Unusual ‘Alien Hand’ Discovered on Brazilian Beach


| LAST UPDATE 11/28/2022

By Veronica Anderson
alien sighting mysterious discovery

A couple was taking a lovely walk along the beach when they stumbled across a giant hand with long bony fingers on the shorelines, most definitely interrupting the mood. Leticia Gomes Santiago and her boyfriend, Devanir Souza, came across this body appendage on the coastline of Ilha Comprida, Brazil, and automatically thought that it "looks like ET's hand." But, according to a marine biologist, Eric Coomin, it does not belong to an extraterrestrial creature, and instead, he offered his own explanation...

Upon finding the appendage buried in the sand, the couple was startled by their bizarre findings and quickly thought there was no way it could belong to a human or animal on this earth. The couple shared a video of their findings and placed a flip-flop next to the hand to understand how large its size was. "It's very big. We don't know what animal it is, even worse if it's an alien," Santiago shared. However, Eric Coomin was able to confirm that the body part belonged to a cetacean (whales, dolphins, and porpoises), not an alien, that died around 18 months prior. However, the alien-like features belong to whales that walked on land about 50 million years ago.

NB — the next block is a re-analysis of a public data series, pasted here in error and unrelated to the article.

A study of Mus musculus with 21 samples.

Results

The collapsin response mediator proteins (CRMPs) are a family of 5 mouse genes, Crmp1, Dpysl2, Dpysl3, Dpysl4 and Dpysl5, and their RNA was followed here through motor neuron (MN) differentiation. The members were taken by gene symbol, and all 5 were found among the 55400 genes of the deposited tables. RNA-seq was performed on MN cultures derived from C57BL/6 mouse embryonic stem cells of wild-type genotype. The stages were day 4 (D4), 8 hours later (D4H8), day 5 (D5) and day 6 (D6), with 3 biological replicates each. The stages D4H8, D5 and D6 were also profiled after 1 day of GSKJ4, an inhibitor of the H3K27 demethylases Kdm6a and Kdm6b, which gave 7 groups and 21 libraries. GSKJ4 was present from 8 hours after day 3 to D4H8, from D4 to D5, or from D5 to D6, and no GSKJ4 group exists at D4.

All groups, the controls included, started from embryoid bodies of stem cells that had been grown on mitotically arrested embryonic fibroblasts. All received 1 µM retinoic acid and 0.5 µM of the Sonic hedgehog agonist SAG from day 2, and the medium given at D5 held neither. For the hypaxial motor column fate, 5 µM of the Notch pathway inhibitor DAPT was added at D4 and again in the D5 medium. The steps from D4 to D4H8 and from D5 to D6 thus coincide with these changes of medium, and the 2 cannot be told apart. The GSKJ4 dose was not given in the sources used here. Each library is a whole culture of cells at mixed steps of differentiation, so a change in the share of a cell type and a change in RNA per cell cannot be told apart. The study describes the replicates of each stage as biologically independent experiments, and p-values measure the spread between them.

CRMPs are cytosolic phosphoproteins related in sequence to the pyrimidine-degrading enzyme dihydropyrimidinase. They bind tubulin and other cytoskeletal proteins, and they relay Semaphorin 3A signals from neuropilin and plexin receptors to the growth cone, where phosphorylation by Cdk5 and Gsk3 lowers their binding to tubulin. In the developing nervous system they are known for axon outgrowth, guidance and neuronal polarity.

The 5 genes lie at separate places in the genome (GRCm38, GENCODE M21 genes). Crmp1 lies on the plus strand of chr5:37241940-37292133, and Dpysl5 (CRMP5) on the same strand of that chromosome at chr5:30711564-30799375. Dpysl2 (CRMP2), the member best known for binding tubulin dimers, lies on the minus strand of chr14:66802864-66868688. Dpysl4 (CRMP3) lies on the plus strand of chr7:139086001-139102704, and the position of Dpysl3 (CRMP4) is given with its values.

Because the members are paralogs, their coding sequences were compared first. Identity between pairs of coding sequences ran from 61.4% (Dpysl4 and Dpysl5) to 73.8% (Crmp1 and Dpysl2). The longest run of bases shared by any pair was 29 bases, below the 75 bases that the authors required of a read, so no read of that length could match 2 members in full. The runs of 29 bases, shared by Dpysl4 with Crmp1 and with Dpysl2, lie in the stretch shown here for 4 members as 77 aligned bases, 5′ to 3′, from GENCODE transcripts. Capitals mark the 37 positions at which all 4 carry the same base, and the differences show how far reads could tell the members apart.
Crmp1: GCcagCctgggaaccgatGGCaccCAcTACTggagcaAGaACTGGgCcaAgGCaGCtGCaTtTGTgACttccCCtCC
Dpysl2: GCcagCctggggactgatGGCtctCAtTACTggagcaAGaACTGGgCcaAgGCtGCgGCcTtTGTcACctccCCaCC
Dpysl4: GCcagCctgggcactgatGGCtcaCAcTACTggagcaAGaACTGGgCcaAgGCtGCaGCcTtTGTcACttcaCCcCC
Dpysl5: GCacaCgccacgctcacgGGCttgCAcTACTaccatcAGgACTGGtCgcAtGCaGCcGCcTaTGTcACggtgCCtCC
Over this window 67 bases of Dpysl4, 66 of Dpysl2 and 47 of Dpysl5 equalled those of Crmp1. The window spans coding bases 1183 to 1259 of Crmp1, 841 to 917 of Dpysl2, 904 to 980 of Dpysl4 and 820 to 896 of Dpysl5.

It was understood these creatures once roamed the earth until they became fully aquatic, further explaining their flipper-like hands. For the future, Comin advises anyone who finds animal remains on the beach or anywhere should notify the environmental agency where they are in order to not interfere with the ecosystem.